United States of America, Plaintiff-appellee, v. Christopher M. Oros, Defendant-appellant.united States of America, Plaintiff-appellee, v. One Male Juvenile, Defendant-appellant, 72 F.3d 128 (4th Cir. 1995)Annotate this Case
Russell L. McLean, III, Waynesville, Virginia, for Appellants. Mark T. Calloway, United States Attorney, Thomas R. Ascik, Assistant United States Attorney, Asheville, North Carolina, for Appellee.
Before HALL, MURNAGHAN, and WILKINSON, Circuit Judges.
Appellants challenge the sufficiency of the evidence to support their conviction of ginseng poaching in violation of 36 C.F.R. section 2.1. We have reviewed the record to determine if there was substantial evidence such that a reasonable trier of fact could have found the Appellants guilty beyond a reasonable doubt. United States v. Samad, 754 F.2d 1091, 1096 (4th Cir. 1984) (quoting Glasser v. United States, 315 U.S. 60 (1942)); United States v. Tresvant, 677 F.2d 1018, 1021 (4th Cir. 1982). We review the evidence in the light most favorable to the Government, and allow the Government all reasonable inferences from the facts established. Holloway v. McElroy, 632 F.2d 605, 641 (5th Cir. 1980), cert. denied, 451 U.S. 1028 (1981); United States v. George, 568 F.2d 1064, 1069 (4th Cir. 1978).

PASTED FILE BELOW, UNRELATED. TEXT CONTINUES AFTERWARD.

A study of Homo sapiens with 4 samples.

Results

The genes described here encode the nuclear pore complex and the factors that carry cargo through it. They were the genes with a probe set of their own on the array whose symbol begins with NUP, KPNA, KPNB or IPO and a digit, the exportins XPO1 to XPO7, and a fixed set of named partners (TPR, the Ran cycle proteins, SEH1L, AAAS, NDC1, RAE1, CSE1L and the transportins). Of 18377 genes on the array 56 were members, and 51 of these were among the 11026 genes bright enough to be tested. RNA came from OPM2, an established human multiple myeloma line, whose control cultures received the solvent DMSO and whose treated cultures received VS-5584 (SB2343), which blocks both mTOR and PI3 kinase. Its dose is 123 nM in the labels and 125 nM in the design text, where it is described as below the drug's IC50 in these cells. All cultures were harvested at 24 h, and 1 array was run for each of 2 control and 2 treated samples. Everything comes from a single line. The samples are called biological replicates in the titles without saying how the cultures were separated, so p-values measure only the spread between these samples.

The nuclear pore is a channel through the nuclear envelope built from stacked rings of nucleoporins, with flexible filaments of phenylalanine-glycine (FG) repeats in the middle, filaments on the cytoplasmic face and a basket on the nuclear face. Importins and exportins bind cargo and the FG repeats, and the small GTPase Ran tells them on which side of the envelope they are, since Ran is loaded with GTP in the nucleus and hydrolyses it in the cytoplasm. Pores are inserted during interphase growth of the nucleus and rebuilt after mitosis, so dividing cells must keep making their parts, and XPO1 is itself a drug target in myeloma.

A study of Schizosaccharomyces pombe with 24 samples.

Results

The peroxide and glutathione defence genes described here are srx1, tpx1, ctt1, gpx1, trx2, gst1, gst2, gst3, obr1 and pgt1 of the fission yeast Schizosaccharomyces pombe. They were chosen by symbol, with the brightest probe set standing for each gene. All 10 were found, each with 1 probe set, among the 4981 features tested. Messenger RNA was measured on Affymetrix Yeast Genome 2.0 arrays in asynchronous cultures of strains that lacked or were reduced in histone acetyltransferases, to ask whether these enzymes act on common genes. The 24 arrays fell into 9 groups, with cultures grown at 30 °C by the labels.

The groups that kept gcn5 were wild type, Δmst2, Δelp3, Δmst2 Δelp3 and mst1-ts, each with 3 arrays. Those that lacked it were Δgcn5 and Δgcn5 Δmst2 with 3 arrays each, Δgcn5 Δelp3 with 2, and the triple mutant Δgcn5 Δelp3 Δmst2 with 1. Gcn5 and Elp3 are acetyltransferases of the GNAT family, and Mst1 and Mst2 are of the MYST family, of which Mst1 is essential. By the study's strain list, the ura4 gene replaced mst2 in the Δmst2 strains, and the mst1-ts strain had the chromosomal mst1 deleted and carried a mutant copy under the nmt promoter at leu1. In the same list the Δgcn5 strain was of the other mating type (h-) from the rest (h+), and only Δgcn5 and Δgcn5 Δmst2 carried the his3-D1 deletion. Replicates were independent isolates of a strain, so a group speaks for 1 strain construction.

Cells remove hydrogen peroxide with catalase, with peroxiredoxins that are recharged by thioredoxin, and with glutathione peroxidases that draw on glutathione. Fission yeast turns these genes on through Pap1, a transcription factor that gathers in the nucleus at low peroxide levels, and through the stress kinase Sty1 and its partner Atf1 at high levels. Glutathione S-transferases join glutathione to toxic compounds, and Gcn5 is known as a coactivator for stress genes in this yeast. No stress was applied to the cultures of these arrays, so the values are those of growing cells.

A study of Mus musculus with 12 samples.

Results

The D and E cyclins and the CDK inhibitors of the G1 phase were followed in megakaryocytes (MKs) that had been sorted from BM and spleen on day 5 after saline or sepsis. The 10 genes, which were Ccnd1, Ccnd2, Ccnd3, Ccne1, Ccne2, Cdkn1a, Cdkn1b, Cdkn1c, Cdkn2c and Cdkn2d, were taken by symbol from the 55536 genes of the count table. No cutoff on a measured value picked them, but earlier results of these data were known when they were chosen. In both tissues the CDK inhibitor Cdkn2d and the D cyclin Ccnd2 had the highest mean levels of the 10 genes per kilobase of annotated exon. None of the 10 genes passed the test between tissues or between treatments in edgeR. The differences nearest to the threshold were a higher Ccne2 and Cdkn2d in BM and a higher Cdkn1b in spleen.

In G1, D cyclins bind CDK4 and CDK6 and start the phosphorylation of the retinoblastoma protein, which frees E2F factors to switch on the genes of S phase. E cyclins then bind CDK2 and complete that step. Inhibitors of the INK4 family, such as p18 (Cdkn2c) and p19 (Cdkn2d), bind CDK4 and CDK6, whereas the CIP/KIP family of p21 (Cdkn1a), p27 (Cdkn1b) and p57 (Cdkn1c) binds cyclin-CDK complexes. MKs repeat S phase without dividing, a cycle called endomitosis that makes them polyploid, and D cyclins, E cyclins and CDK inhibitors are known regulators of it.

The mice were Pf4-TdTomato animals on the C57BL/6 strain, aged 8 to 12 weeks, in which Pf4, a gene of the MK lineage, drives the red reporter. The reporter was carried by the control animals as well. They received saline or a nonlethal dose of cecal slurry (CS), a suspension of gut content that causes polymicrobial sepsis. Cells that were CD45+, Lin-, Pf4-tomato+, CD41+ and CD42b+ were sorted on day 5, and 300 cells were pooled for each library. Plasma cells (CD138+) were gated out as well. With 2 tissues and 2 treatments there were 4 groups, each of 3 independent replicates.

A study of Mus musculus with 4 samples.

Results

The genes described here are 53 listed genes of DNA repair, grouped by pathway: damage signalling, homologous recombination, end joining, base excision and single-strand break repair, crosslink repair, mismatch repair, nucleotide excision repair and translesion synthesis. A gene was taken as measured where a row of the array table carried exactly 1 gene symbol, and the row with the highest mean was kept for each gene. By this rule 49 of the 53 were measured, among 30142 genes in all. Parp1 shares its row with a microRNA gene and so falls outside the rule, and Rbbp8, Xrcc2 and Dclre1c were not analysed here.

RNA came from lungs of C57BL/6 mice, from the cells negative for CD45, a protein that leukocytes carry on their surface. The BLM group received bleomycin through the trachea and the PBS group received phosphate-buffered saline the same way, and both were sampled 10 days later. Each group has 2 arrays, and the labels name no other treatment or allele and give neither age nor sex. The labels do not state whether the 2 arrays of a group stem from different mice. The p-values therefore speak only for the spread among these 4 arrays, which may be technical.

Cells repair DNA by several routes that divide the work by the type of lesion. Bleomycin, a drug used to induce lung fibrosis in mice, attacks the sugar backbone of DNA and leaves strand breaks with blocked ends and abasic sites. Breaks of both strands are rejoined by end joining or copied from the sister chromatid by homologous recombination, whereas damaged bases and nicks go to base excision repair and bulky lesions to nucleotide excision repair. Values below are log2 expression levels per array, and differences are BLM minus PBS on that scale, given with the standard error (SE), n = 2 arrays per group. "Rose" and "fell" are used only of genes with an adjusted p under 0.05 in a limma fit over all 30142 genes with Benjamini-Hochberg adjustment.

On August 27, near the beginning of ginseng poaching season, the Appellants arrived at the Great Smokey Mountains National Park very early in the morning, and left their truck well before dawn. They were found three miles from their truck in a rarely-visited area, they had no camping supplies and were six miles away from any campsite. It took them six and a half hours to traverse this distance, despite the fact that they took no "sitdown" breaks. They were found about a half a mile from where a park ranger had observed fresh digging, and they had fresh dirt on their hands and knees. The area in which the digging had occurred was ideal for ginseng growth, and the entire area was known for ginseng poaching. The Appellants carried sticks that had been modified for ginseng digging, and were useful only for that purpose. Finally, approximately six feet from the Appellants, the park ranger found two bags full of freshly dug ginseng roots lying on the ground. We find that these facts, taken with their logical inferences, present substantial evidence such that a reasonable trier of fact could find the Appellants guilty beyond a reasonable doubt. Accordingly, we affirm their convictions.
We dispense with oral argument because the facts and legal contentions are adequately presented in the materials before the court and argument would not aid the decisional process.